30 March 2011

a muse in our midst?

My first attempt at freezer paper stencilling has absolutely exceeded my expectations. I must be fair here; I had no clear expectations, just a hopeful curiosity. This arty little jaunt was merely a test drive to see if the thing would go and go it does. I put to good use at last a cat sketch I had done a few years ago and some linen I've been hoarding. I could not be more pleased!  It's been a remarkably productive and happy day all round for me and those near and dear. I sense the friendly hand of fate at work!



28 March 2011

blossom...

The orchids are in bloom...


 Phaelenopsis "Yu Pin"


Laeliocattleya 'Fire Dance"


Not an orchid, but a fragrant and indomitable Hoya.

24 March 2011

los azulejos...


I've had a miserable week that has left me feeling lumpen and inarticulate, but, in the interest of producing something of use today, I thought I'd share some pictures of my cheerful Mexican Talavera tile collection:












16 March 2011

the case of the giant salamander

In his 1858 work, Curiosities of Natural History, Francis Trevelyan Buckland, the English surgeon turned natural historian, makes a tantalizing observation:

"One of the most celebrated newts ever discovered was found about a century ago... and was described by a philosopher of those days as a human skeleton, which he called 'Homo diluvii testis' and a great fuss it then made in the learned world."

Yes, that's right, one of the most celebrated newts was described as a human being.  There's enough there to tempt a connoisseur of the preposterous, but Buckland leaves it at that, with no further mention of the "philosopher" who turns out to be Swiss naturalist Johann Jakob Scheuchzer, who made the extraordinary discovery in 1726 of a four foot long fossilized vertebrate skeleton in a German limestone quarry.




To Scheuchzer, who possessed one of the largest collections of fossils in Europe, this astonishing find bore a striking resemblance to a human being.  It consisted of a long backbone capped by a large semi-circular skull containing two huge eye sockets.  Scheuchzer was convinced he had unearthed irrefutable proof of a human who had perished in the biblical Great Flood, describing it as "the bony skeleton of one of those infamous men whose sins brought upon the world the dire misfortune of the deluge".  The name he chose for his discovery, Homo diluvii testis, translates to "the man who witnessed the flood".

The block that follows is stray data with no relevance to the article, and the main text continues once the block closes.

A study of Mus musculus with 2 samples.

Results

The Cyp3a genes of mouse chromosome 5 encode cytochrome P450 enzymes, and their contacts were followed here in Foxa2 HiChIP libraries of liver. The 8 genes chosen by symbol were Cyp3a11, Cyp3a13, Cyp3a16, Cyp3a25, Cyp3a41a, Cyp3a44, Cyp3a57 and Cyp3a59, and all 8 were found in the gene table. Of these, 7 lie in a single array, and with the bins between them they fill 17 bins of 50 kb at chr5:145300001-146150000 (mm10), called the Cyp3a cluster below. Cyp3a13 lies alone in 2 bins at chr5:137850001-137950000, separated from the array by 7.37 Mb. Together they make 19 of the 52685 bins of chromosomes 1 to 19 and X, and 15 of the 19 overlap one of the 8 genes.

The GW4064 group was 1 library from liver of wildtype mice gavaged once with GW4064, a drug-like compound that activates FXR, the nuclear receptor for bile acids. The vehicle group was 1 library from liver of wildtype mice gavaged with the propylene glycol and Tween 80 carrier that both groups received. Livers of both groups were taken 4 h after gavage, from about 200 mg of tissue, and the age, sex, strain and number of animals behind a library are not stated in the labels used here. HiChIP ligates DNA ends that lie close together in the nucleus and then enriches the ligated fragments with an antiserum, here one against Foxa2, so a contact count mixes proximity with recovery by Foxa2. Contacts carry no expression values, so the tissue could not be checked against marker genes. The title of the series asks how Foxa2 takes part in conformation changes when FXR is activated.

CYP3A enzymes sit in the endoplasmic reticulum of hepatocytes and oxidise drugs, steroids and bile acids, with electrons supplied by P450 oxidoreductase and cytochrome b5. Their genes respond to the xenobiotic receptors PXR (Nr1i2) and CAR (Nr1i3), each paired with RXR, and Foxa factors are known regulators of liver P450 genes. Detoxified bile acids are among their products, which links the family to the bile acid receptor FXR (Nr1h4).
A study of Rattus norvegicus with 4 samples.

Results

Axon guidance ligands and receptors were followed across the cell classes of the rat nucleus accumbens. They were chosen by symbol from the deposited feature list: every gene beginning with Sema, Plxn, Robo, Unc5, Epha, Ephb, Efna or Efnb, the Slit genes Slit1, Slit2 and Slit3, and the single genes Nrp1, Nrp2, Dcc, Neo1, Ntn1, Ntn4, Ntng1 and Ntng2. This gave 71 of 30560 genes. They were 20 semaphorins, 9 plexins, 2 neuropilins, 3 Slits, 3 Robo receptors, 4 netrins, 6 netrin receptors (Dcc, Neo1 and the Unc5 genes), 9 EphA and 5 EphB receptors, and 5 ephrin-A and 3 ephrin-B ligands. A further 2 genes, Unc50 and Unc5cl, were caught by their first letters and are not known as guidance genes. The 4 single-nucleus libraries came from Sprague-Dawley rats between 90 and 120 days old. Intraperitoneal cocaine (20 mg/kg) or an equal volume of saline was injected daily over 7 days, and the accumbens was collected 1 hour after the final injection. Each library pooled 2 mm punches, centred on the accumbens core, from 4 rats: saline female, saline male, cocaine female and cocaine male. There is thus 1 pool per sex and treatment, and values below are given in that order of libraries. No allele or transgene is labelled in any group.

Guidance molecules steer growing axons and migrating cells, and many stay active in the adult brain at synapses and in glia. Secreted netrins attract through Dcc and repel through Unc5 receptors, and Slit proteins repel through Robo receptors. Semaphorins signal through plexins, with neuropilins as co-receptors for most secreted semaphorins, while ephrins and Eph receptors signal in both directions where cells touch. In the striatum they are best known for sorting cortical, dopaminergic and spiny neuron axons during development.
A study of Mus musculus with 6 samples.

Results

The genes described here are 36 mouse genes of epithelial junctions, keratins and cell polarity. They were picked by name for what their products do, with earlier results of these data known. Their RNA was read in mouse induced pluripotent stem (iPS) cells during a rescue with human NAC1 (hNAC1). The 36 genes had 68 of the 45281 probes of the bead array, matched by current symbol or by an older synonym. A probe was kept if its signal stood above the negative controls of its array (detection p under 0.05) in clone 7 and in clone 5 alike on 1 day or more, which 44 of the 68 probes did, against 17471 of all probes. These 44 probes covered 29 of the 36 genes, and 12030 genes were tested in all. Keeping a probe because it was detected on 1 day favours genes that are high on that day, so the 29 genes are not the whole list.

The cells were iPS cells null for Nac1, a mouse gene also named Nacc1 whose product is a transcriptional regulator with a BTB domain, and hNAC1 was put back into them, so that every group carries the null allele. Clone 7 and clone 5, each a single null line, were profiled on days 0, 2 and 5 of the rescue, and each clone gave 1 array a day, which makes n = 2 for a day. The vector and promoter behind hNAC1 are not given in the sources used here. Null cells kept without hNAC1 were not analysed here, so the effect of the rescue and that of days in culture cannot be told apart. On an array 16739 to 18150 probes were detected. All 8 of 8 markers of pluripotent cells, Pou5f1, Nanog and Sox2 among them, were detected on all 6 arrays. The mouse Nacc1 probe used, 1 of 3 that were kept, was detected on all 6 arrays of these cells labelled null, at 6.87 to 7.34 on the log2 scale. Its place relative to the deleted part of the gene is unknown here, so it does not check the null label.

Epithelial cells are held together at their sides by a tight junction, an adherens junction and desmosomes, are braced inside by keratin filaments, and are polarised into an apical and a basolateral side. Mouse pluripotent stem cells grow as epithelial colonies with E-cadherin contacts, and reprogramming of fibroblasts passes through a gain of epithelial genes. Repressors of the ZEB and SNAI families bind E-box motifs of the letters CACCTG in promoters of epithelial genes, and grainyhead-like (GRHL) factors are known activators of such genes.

His assessment remained unchallenged until 1811 when Georges Cuvier, the renowned French anatomist appointed by Napoleon as Minister of Education, was despatched to the Netherlands where he had the opportunity to view the fossil at the Teylers Museum where it can still be seen today.  Cuvier had theorized that Scheuchzer's discovery might be the remains of an amphibian and he brought to the museum a sketch of a salamander skeleton for comparison.  After a thorough examination of the fossil, which included preparing the specimen by carefully chipping away at its surrounding sediment, Cuvier confirmed his suspicions.  This was no human being.
It was...a giant salamander.


from Creative Commons


Today it seems laughable that anyone, especially Scheuchzer, who had trained as a physician and had surely seen a human skeleton, could mistake the amphibian fossil for that of a human.  But this was the 18th century; the field of comparative anatomy was not widely known, life on earth was largely understood as the byproduct of biblical events, and the Bible was generally regarded as the one reliable history of the creation of the world.  Perhaps Scheuchzer saw only what he wanted to see.  His identification of the fossil as the remains of a hapless flood victim fit neatly with the prevailing creationist views.

The fossil that was eventually rechristened Andrias scheuchzeri in Scheuchzer's honor was the ancestor of the creatures we know today as the Chinese and Japanese giant salamanders.  The Chinese giant salamander, Andrias davidianus, is the largest living amphibian, reaching an impressive length of up to six feet and weighing as much as 140 pounds.  It dwells in cold streams and mountain lakes where it  feasts on fish.  This salamander is a critically endangered species whose main threats are the degradation of its habitat and its status as a highly valued delicacy.  In China, those seeking the prized flesh may pay up to $200 a pound.

The Japanese giant salamander, A. japonicus, is the world's second largest amphibian, growing up to five feet in length.  Considered a national treasure in Japan, it too is threatened by habitat loss, although protection acts were established to eliminate the overfishing of this species for food.  Each August 8th, in Okayama prefecture, the locals honor the mythical giant salamander known as a Hanzaki, a menacing 30 foot long amphibian who, according to the legend, lumbered  throughout the region, devouring cattle and marauding generally.  A brave villager armed with a sword sacrificed himself to the Hanzaki and was eaten alive, eventually managing to kill the creature by slicing it from head to tail.  The story notes however, that there was no end to the trouble for the villagers, whose crops mysteriously began to fail.  They concluded that the bloodthirsty monster was hellbent on revenge and would continue to torment them from the grave if not somehow appeased.   In desperate self-defense, the villagers established Hanzaki Daimyojin, a shrine built to propitiate the cantankerous spirit of the colossal beast.

You can learn more about this intriguing creature at the Japanese Giant Salamander Protection International Website and  through an online BBC article in which much about the giant salamander is explained and from the accompanying video, which shows our large friend enduring some gentle eye-poking with appropriately amphibian sang-froid.